A Case for Crisis Communication Plans

Time and time again, we see the best communicators make a crucial and costly misstep when it comes to managing the flow of information during a crisis. With social media adding new minefields, a solid crisis communications plan is a mandatory step in any company’s planning procedures, say these experts.

“The ability to communicate well during a crisis greatly affects a brand’s ability to overcome the event and survive after it,” wrote Mike Crawford, president of public relations, social media and advertising agency M/C/C in an article on BizJournals.com. He recommends three steps:

1. Prepare. Crawford advises that a communications plan must include roles for each team member, primary and secondary contacts, and how to define different levels of crisis (one for local media, two for national and international) and how to respond. Also, he said, designate an informed and media-savvy spokesperson. Make sure they are the contact point, and that your phone and email addresses are up to date.

2. Act. Have templates and statements ready for use when the time comes, but remember to be empathetic, said Crawford. “Remember to keep the personality of the brand while going through a crisis. If a situation allows for humor, then do not be afraid to use it,” he wrote.

3. Distribute. Make sure the distribution channel is appropriate to where the crisis started, said Crawford, whether print, television or social media.

Paula Hahn of Blink Communications has some strategies of her own. In an article in Food Processing magazine, she lays out five points to consider.

1. A crisis negatively impacts company valuation

“Consider a crisis communications plan an investment in brand reputation, not an expense,” she wrote. “The faster a company can tame a crisis, the faster stock price and sales revenues can rebound.”

2. Social media keeps the crisis alive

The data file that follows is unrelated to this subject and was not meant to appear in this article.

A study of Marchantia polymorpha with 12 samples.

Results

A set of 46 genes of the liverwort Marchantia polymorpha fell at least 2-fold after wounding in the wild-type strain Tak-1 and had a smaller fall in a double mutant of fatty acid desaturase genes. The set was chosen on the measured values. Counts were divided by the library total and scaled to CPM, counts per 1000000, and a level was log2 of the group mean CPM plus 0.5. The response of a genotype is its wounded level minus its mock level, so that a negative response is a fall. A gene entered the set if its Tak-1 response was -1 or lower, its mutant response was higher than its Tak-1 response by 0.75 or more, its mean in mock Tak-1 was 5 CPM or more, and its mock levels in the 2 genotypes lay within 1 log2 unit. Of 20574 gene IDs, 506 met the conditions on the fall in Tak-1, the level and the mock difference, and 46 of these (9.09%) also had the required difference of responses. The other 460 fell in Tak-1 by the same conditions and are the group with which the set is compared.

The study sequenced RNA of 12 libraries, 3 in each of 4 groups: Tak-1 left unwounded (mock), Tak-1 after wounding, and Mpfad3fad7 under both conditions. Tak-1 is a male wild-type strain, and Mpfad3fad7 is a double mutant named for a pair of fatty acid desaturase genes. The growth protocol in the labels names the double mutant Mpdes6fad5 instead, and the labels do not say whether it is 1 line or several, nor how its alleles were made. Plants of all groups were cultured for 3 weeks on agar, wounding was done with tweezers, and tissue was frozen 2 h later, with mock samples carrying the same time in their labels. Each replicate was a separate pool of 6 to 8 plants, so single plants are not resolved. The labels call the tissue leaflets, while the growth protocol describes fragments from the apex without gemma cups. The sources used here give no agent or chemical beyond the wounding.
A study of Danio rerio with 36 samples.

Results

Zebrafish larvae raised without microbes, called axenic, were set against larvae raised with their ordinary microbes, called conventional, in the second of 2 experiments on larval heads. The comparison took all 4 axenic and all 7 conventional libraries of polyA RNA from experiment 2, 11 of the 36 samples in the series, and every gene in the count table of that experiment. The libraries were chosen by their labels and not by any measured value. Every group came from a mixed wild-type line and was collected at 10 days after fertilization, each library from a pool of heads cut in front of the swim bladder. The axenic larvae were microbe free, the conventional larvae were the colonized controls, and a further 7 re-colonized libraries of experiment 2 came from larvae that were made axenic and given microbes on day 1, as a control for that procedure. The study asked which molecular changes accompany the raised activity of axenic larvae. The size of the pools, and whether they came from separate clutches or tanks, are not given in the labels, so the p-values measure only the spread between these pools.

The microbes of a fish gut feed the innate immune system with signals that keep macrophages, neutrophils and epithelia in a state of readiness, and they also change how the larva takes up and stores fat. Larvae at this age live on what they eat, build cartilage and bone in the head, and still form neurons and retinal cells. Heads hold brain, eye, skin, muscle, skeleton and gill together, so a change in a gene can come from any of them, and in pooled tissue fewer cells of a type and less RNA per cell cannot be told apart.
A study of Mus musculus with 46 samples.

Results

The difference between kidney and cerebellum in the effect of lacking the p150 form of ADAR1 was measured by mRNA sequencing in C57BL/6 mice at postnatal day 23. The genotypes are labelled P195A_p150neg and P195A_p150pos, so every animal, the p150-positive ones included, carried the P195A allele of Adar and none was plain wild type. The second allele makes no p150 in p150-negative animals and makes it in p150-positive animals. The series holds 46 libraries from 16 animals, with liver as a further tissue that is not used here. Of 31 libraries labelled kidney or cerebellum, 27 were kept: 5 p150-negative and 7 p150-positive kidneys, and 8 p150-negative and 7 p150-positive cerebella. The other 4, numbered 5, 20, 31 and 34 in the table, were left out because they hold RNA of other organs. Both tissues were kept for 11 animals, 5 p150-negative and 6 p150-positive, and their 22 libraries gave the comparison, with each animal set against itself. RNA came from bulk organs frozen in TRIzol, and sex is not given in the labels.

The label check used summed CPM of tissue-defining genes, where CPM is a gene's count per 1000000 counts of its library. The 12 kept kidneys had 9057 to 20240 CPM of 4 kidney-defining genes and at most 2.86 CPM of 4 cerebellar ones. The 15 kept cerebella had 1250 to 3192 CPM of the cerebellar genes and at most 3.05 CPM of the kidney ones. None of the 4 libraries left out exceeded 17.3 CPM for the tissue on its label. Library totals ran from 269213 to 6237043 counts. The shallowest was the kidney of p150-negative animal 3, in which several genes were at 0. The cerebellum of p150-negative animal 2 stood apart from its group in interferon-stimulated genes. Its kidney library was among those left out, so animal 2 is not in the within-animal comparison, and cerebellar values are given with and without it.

Hahn cited a global survey of senior crisis communications advisers by international law firm Freshfields Bruckhaus Deringer [FBD] that said 28 per cent of crises reported spread globally within an hour, and up to 69 per cent in 24 hours. The response time for legally approved comments from the companies? 21 hours.

3. Crises do a number on brand equity, too

The problem with a crisis is the perception fueled by social media posts being valued over statements from the company, said Hahn.

4. It’s impossible to prepare for and manage a crisis concurrently.

Don’t wait until you’re in the middle of a crisis to manage it, said Hahn. “There are so many moving parts to a crisis plan (message development, spokesperson coaching, regulatory notifications, product recalls, internal investigations, press conferences, stakeholder communication, media monitoring, social media management and more) that it can’t all be done in real time,” she wrote.

5. How a company handles a crisis counts more than the crisis itself.

If you botch the landing, you’ll never recover, according to Hahn, citing the BP oil spill and its mismanaged communications. “The company is still trying to recover from the estimated $43 billion hit in fines, legal settlements and clean-up costs, while the damage to brand equity is incalculable,” she wrote.